House Ethics Committee vs. Justice Department:


On Wednesday, the House Ethics Committee announced that it was launching two probes into lawmakers and a third probe wide-ranging probe into possible violations by staffers and other lawmakers in the Duke Cunningham scandal. However, these probes may interfere with the current investigations that the FBI and Department of Justice Public Integrity Unit have underway. The Washington Post looks at whether the Ethics Committee is too late to the game:

The Justice Department has traditionally opposed such parallel inquiries by congressional committees for fear that lawmakers might complicate its collection of testimony and information. The Senate’s ethics panel, for instance, regularly steps aside when another enforcement agency is looking into the behavior of senators.

But House officials indicated yesterday that they hope the continuing conversations between the Justice Department and the ethics committee will avert conflicts. A spokesman for the department declined to comment.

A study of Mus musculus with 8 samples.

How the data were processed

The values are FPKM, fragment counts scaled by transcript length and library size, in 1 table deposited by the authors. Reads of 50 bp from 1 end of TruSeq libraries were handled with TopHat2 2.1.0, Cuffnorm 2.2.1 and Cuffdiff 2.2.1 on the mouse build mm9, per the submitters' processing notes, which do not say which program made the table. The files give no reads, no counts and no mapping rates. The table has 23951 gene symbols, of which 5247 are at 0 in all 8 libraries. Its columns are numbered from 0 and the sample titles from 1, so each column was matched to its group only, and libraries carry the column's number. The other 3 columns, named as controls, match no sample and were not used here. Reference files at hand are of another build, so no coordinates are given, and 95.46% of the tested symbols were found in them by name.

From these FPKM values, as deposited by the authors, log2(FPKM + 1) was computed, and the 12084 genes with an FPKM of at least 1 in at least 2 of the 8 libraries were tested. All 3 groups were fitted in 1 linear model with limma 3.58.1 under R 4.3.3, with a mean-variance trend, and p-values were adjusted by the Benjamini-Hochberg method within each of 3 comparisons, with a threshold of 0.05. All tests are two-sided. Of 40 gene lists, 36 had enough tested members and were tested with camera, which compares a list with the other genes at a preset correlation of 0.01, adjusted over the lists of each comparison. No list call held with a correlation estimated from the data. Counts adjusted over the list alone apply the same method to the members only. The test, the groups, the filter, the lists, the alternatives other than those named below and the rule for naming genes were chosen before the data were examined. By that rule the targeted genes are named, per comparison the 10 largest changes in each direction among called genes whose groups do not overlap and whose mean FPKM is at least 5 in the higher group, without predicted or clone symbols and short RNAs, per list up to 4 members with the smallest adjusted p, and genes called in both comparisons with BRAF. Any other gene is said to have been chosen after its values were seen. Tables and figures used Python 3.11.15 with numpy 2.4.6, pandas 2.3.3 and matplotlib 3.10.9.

It is doubtful that the Justice Department is happy about this development. Previously, Justice had asked the House and Senate Ethics Committees to steer clear of any investagtion relating to Jack Abramoff. The House’s investigation into Bob Ney, who is alleged to have accepted things of value from Abramoff in exchange for favorable action, clearly goes against Justice’s recommendations. A March article in Roll Call notes that the ethics committee’s rule 15(f) states that the committee “may defer action on a complaint against a Member, officer, or employee of the House of Representatives when the complaint alleges conduct that the Committee has reason to believe is being reviewed by appropriate law enforcement or regulatory authorities, or when the Committee determines that it is appropriate for the conduct alleged in the complaint to be reviewed initially by law enforcement or regulatory authorities.” An expert interviewed in the Post article states, “I can’t imagine that they will pursue subpoenas and testimony and get in the way of the Justice Department; that hasn’t happened in the past.”